The special warning against transmute(&T)-> &mut T


#1

The situation:

src/jostletree.rs:22:45: 22:54 error: mutating transmuted &mut T from &T may cause undefined behavior,consider instead using an UnsafeCell, #[deny(mutable_transmutes)] on by default

src/jostletree.rs:22 unsafe fn warp_into_mut<T>(v:&T)-> &mut T { transmute(v) }

My issue:

I believed I understood all of the reasons warp_into_mut could be problematic. I know about the litany of problems one can encounter with aliased mutable pointers in multithreaded contexts. I know about the difference between copy and copy_nonoverlapping. None of that is happening in my use case. (dunno if this sums it up well but basically all I’m doing is wrapping a fn(&T)->&T as a fn(&mut T)-> &mut T)

Now, rustc comes along and warns me me that doing that is not just unsafe, but possibly undefined behavior (and “may cause undefined behavior” dangerously close to “undefined behavior”). That’s a whole other barrel of tentacles. Then it tells me about this UnsafeCell thing, which seems to be basically a *mut, but then the folks on IRC tell me it is bestowed with magic that *muts know not.

Nowhere does it seem to be explained why this conversion should be considered such a special kind of dangerous black magic.

So I thought it’d be worth asking here.


#2

Per the Rustonomicon:

  • Transmuting an & to &mut is UB
    • Transmuting an & to &mut is always UB
    • No you can’t do it
    • No you’re not special

Sadly, I can’t find anywhere that explains why this is. By my understanding, the reason is that &mut T doesn’t mean “mutable”, it means “unaliased”. You can’t guarantee that when transmuting from &T (and if you could, then you could have just used &mut T in the first place, and you wouldn’t need a transmute). UnsafeCell is special because the compiler knows it might be aliased, so it generates different code when you access one.

As a general note, if you are writing code in an unsafe block and you don’t fully understand what it’s doing, maybe don’t do it; you’re quite possibly preparing to shoot your leg off.


#3

Yes, this is correct. Rust will pass noalias attributes for all &mut T, and readonly for all &T to LLVM, unless they contain an UnsafeCell. The compiler has knowledge of UnsafeCell thanks to this lang item.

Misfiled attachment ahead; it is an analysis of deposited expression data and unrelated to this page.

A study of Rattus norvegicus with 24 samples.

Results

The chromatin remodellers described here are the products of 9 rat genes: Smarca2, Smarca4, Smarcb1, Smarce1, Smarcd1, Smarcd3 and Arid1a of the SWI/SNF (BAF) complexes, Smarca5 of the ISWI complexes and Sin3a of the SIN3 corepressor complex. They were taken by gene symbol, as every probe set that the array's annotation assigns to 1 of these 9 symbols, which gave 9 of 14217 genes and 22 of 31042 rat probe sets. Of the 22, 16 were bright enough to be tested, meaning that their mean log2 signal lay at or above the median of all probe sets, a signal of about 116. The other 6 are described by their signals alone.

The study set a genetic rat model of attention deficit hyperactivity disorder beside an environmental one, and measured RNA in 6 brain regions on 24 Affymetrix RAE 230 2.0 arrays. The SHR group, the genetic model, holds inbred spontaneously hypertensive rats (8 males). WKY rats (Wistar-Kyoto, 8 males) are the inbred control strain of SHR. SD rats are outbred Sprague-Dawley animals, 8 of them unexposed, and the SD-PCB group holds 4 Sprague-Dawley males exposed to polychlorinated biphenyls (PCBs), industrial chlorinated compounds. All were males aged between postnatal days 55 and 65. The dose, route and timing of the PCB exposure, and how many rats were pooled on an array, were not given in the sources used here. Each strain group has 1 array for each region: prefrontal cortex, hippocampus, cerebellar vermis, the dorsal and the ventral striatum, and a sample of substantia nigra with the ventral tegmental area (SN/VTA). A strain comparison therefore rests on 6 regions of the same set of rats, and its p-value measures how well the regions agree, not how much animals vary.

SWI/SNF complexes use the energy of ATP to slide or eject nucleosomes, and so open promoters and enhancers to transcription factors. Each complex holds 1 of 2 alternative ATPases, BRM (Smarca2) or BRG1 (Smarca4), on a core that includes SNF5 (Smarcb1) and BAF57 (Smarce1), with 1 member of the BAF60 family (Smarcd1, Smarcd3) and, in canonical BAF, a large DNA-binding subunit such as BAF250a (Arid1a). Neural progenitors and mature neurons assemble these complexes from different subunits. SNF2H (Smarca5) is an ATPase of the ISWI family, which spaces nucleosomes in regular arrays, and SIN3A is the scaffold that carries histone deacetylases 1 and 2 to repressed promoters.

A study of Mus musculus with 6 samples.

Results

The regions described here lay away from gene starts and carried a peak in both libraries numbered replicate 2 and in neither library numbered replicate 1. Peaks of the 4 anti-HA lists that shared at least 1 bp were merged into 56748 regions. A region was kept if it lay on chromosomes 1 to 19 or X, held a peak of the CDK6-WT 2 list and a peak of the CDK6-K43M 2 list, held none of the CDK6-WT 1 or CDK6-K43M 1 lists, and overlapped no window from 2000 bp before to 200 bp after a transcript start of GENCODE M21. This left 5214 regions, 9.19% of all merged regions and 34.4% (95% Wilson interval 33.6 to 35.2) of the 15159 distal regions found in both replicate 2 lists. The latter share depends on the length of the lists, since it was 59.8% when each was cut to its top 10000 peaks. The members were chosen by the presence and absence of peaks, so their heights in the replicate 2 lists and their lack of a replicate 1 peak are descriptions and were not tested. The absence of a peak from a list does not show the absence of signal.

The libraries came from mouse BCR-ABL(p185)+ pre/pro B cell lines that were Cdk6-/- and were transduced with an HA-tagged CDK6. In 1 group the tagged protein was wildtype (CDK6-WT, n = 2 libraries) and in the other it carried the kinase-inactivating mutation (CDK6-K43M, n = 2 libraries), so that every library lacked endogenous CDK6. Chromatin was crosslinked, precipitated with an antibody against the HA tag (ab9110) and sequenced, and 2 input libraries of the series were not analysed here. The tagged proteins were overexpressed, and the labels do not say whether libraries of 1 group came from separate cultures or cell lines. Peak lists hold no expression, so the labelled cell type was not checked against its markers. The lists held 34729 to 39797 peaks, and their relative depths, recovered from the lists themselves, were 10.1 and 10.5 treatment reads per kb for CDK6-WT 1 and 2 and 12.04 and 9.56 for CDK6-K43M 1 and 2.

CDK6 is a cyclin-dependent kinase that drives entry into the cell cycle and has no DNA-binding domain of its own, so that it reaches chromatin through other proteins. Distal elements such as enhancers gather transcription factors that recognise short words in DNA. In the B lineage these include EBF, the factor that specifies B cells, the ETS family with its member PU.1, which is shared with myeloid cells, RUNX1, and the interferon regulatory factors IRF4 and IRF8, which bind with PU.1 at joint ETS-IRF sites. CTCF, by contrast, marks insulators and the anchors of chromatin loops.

LLVM will move stores/loads of a noalias pointer for optimization purposes. If the pointer actually is aliased, by part of it being able to transmute into a &mut T, then that violates the noalias contract, which could be re-ordered. This likely won’t cause issues if the function only has loads, so it may cause undefined behavior.


#4

You can find a semi-ongoing discussion of what exactly is undefined behavior here:

TL;DR: Nobody really knows exactly where to draw the line between “what Rust guarantees” and “what Rust’s current implementation guarantees”.


#5

It actually uses noalias for everything but &mut T (due to some LLVM bugs related to exception handling).

@makoConstruct Rust guarantees that a &T points to memory that cannot be written to by anyone, save for the regions covered by UnsafeCell.

In the case of LLVM, the attributes for &i32 are noalias readonly dereferenceable(4), so you could expect that, a function’s writes through such a pointer can be ignored, because it can never write there.
Example on playpen - look at the LLVM IR in Release mode, test will ret i32 1.

The other place where it shows up in the current implementation is statics: a static with a type that doesn’t include UnsafeCell will be placed in read-only memory and writes to it will cause segfaults.

With the advent of MIR, it may become possible to track origin of raw pointers across functions and error in the obvious UB cases instead of letting the optimizer take advantage of them.